Pull into the Ralphs parking lot on the corner of Manchester and Western any day, and prepare to see a line of food trucks cramped into the Southwest corner. Most afternoons include crews from Trap Kitchen, Belly’s Sliders & Wings, and Happy Ice. As shoppers social distance for entry to the grocery store, those waiting for food truck orders remain in their cars until the order is ready. There’s a steady stream of customers during the coronavirus pandemic. But it’s even busier for Calvin Johnson’s — known as Chef Grubby — Bleu Kitchen truck, who slings a staple that sells out daily: gumbo pot pie.
Johnson is one-third of the self-proclaimed South LA “Foodminati” who launched Court Cafe in mid-2019. With partners Taco Mell’s Jermelle Henderson and Keith Garrett of All Flavor No Grease, the trio opened a breakfast and lunch restaurant that leans towards savory dishes and big portion sizes on the border of Westchester and Inglewood. All three still operate their respective businesses. But Johnson found new life this year with his gumbo recipe topped with puff pastry. “It’s a blessing to sell our food,” says Johnson.
If there were ever a time for comfort food, now is it. Americans are making carb-heavy recipes like sourdough bread, high-calorie cream sauces, and whole roasted meats at home. And nostalgia plays a major part as the world practices social distancing during the current coronavirus pandemic.
Johnson usually makes the pot pie around the holidays as a seasonal dish and stops producing them in January. But the demand kept increasing for this compact frozen item, which requires heating in a home oven. Johnson started making them four years ago when a friend returned from New Orleans and talked about her favorite dish: a crawfish pot pie. “As soon as she described it to me, I wondered how I could put a gumbo in a pot pie,” says Johnson. “I researched it and there was a lot of troubleshooting to get the roux right. Once I got it, it’s been a top-seller ever since.”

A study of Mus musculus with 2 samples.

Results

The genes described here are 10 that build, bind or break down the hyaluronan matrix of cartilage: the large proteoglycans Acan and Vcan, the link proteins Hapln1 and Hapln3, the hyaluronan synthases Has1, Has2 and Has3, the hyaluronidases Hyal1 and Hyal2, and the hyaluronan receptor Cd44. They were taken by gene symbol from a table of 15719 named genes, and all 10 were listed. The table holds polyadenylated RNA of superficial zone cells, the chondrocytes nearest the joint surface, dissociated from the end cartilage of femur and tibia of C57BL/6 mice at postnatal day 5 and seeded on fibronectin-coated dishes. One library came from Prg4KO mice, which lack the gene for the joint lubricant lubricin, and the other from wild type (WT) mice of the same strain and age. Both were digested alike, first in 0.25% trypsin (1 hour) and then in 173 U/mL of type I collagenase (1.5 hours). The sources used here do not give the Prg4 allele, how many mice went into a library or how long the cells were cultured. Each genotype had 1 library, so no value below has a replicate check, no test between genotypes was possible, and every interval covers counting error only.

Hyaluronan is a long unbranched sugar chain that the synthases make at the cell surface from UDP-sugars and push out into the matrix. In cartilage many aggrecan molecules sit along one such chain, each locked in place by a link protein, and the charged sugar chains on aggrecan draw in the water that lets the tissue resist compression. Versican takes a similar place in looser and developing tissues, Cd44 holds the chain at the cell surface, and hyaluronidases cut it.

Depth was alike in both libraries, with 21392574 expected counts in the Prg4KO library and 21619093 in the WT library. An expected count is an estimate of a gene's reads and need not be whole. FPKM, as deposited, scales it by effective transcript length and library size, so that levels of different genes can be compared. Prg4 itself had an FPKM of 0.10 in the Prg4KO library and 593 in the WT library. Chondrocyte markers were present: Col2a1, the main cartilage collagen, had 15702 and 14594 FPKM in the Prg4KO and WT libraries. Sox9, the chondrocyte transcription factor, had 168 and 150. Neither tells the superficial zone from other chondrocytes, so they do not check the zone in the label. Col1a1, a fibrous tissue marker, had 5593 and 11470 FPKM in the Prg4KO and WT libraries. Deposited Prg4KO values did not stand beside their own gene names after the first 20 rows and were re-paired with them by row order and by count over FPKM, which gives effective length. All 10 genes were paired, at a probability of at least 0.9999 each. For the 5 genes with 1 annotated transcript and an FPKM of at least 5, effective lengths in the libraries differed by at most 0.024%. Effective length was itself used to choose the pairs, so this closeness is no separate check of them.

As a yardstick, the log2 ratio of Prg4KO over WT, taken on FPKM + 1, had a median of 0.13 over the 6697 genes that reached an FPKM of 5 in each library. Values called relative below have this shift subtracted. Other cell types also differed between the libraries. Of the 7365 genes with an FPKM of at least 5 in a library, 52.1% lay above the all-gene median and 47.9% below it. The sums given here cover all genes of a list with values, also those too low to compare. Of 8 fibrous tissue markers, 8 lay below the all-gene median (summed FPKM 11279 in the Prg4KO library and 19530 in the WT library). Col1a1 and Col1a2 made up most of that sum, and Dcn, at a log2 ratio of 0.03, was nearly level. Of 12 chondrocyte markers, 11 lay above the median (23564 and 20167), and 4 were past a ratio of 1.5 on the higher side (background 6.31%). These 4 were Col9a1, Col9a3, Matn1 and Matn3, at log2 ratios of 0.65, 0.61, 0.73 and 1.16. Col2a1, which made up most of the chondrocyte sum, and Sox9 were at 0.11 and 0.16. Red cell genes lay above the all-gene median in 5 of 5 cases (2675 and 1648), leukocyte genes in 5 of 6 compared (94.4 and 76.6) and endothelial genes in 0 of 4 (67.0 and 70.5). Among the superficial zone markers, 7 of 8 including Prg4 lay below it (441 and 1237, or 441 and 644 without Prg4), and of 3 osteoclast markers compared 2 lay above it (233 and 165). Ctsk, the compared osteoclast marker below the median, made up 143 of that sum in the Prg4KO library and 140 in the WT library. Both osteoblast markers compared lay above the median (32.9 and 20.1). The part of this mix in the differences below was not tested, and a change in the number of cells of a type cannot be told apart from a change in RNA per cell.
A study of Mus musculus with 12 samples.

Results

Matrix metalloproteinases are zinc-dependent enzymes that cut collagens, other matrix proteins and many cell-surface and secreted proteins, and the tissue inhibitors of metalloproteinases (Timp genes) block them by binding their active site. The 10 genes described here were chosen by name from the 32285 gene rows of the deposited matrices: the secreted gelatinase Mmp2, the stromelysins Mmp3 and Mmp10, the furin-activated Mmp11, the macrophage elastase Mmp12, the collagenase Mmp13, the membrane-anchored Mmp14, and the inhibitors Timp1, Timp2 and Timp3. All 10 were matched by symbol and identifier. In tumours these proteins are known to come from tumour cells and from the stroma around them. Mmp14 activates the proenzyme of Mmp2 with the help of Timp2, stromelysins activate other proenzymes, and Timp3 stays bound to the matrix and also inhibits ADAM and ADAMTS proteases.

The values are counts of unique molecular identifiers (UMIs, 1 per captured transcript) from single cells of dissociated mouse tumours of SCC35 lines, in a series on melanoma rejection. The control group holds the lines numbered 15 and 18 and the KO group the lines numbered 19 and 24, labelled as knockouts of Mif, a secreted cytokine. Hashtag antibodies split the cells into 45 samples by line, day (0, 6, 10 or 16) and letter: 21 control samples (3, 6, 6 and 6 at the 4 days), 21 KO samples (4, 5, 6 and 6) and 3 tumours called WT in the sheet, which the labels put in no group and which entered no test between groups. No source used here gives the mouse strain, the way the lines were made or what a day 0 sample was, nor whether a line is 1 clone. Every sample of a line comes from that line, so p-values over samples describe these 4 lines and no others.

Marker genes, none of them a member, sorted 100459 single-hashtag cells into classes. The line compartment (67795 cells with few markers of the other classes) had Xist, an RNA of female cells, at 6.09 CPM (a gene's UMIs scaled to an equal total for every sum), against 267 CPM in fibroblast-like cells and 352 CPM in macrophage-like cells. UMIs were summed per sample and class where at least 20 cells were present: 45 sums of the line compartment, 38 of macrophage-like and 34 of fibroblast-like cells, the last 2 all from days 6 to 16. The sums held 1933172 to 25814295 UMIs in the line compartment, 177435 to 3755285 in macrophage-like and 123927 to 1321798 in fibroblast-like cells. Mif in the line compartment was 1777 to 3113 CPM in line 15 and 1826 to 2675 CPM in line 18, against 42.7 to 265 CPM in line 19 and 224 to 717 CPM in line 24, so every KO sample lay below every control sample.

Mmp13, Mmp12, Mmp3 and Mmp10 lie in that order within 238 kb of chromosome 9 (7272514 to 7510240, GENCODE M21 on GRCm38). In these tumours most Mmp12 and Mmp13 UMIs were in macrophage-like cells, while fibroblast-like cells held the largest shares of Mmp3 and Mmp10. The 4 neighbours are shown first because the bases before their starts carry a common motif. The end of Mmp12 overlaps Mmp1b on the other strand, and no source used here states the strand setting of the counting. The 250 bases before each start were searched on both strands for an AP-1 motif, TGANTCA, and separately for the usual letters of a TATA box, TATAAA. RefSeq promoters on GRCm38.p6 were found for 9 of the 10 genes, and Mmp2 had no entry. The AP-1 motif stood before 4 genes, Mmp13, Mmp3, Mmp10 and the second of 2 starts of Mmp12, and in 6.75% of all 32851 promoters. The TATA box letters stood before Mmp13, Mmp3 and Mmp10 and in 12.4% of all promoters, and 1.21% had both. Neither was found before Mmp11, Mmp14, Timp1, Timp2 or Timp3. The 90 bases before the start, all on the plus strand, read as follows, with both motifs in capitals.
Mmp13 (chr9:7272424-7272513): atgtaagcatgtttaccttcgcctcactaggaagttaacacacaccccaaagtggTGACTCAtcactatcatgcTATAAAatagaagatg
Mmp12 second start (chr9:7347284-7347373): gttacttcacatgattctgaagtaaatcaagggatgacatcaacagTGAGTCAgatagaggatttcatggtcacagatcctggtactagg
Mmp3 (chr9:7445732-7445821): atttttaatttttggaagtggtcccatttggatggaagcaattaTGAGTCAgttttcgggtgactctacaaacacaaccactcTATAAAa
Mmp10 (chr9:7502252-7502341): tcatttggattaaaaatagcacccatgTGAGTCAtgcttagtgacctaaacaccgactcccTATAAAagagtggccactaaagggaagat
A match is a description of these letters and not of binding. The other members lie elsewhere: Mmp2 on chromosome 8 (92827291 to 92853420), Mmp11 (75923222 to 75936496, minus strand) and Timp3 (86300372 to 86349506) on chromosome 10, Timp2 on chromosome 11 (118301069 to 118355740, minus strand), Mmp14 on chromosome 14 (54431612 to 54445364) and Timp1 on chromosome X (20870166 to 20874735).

Johnson blends spices and aromatics to bell peppers, onions, celery, smoked sausage, crab meat, chicken, and shrimp. He then ladles the gumbo into a foil container, tops it with puff pastry, and freezes them en masse.
For preparation, pre-heat the oven to 375 degrees, and allow 30 to 45 minutes for the laminated dough to turn a gorgeous shade of brown. Johnson’s gumbo packs a spicy punch, and is big enough for one person. Some customers buy the $16 dish in bulk to store away in the freezer.
The Bleu Kitchen truck first opened in 2017, but prior to that, Johnson spent six years cooking from his home with wife Sunni. He simply wanted to make dishes that stand out. “LA is the capital of the culinary arts industry,” says Johnson. “But in the black community, folks were just selling the same food.” This year will be his personal best. As of yesterday, Johnson’s team has sold an astounding 1,312 pies, grossing nearly $20,000 since late December.
Johnson also makes a popular version of garlic noodles, inspired by Vietnamese chef Helene An from Crustacean. Just like the pot pie, the noodles sell out within hours. “My wife’s been to Crustacean, she thinks mine are better,” laughs Johnson. “My best friend’s mom used to make this dish called fried spaghetti, and I thought they tasted like garlic noodles. I put my twist on them and gave them more flavor. I’ve been selling them for six years. When business would get slower, I would just make noodles and they would bring me right back up.”
After deep frying the noodles, they’re layered with a protein of choice. One can also order the massive everything option with steak, shrimp, chicken, and broccoli. “There’s a big Asian community in the South Bay, and once I got the stamp of approval, I knew it was good,” says Johnson. “People can’t believe it’s coming from a black guy.”
Johnson’s face is an animated presence on the side of the truck, which parks in or near the Ralphs parking, while his brother Domo Johnson runs the show. It’s best to arrive early, but check Bleu Kitchen’s Instagram to keep track of the schedule and availability.